Environmental drivers of population-level variation in the migratory and diving ontogeny of an Arctic top predator
Grecian , W J , Stenson , G B , Biuw , M , Boehme , L , Folkow , L P , Goulet , P J , Jonsen , I D , Malde , A , Nordøy , E S , Rosing-Asvid , A & Smout , S 2022 , ' Environmental drivers of population-level variation in the migratory and diving ontogeny of an Arctic top predator ' , Royal Society Open Science , vol. 9 , no. 3 , 211042 . https://doi.org/10.1098/rsos.211042
Royal Society Open Science
© 2022 The Authors. Published by the Royal Society under the terms of the Creative Commons Attribution License http://creativecommons.org/licenses/by/4.0/, which permits unrestricted use, provided the original author and source are credited.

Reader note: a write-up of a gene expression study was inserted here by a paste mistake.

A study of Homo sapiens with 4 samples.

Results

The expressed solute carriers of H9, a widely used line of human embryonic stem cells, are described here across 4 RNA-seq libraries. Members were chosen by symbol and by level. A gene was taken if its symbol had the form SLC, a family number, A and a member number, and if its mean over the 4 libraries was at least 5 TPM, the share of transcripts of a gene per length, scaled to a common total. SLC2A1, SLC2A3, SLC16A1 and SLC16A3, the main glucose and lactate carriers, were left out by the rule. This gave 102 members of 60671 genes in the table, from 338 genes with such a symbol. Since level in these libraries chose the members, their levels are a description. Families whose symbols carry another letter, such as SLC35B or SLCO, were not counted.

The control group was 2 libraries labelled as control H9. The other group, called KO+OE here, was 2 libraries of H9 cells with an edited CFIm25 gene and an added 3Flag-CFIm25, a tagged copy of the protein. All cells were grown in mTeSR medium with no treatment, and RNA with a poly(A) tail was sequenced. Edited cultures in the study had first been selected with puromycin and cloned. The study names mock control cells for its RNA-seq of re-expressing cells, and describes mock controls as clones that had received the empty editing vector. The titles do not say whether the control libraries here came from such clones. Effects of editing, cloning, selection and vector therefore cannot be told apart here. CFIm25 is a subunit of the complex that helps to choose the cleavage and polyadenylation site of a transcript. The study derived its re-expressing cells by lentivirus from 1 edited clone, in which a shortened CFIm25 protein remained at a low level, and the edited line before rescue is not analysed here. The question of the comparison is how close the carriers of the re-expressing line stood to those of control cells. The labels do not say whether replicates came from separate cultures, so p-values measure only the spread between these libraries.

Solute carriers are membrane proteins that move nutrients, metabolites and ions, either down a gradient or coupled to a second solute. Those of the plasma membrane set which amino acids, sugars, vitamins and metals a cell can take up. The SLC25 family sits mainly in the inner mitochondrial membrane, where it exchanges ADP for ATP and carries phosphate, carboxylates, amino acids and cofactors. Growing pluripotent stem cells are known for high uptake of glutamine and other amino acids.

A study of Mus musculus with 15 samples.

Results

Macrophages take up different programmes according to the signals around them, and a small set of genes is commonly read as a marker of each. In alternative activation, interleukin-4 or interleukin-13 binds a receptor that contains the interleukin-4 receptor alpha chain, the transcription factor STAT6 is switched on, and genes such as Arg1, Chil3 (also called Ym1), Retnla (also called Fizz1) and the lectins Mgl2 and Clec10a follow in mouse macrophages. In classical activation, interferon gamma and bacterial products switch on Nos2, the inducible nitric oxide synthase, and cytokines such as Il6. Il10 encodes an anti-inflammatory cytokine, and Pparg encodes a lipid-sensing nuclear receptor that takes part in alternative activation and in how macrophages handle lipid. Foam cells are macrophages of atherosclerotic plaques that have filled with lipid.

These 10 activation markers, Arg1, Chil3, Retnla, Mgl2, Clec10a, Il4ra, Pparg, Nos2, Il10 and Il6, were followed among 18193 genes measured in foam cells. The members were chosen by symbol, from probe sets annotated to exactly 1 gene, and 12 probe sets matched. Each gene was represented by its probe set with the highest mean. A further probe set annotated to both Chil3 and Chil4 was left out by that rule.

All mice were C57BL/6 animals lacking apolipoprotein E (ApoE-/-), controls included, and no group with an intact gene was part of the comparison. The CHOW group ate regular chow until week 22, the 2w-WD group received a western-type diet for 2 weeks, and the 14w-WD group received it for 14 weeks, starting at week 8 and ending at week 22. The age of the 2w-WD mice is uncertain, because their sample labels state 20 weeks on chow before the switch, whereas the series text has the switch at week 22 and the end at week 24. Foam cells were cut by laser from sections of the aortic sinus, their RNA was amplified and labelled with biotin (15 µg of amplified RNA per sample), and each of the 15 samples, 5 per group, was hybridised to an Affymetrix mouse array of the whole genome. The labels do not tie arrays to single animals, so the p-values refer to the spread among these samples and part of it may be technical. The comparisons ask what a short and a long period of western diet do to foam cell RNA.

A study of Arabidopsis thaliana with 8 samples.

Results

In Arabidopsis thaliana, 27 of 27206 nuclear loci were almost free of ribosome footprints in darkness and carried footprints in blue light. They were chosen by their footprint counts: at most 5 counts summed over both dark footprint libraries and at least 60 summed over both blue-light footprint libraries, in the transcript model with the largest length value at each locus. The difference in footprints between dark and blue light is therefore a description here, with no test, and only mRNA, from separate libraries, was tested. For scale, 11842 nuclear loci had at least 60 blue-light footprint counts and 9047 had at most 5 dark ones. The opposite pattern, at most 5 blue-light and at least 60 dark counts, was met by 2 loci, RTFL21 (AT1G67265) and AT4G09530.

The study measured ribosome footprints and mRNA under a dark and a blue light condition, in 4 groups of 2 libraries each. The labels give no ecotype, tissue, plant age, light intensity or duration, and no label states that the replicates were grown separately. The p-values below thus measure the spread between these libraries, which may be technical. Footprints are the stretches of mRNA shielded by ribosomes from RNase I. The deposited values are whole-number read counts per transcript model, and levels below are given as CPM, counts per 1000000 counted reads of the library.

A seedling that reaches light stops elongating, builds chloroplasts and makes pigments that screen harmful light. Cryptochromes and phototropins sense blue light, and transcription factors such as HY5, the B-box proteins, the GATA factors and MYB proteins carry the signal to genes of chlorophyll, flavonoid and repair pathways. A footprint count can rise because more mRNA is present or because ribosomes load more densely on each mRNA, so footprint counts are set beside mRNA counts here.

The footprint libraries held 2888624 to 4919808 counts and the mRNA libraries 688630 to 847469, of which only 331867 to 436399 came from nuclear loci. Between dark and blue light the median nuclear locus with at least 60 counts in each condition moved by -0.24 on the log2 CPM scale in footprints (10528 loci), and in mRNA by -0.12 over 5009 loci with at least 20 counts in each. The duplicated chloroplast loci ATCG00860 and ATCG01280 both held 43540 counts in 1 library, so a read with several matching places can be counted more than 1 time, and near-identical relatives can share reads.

DescriptionThis work is an output of the ARISE project (NE/P006035/1 and NE/P00623X/1), part of the Changing Arctic Ocean programme jointly funded by the UKRI Natural Environment Research Council (NERC) and the German Federal Ministry of Education and Research (BMBF). Fieldwork in Canada was carried out under a Canadian Council on Animal Care permit no. NAFC2017–2 and funded by Fisheries and Oceans Canada and a bursary from Department for Business, Energy and Industrial Strategy (BEIS) administered by the NERC Arctic Office. Fieldwork in the Greenland Sea was approved by the Greenland Ministry of Fisheries, Hunting and Agriculture and the Norwegian Food Safety Authority (permit no. 11546) as part of the Northeast Greenland Environmental Study Program 2017–2018 (by the Danish Centre for Environment and Energy at Aarhus University, The Greenland Institute of Natural Resources and the Environmental Agency for Mineral Resource Activities of the Government of Greenland) and financed by oil licence holders in the area.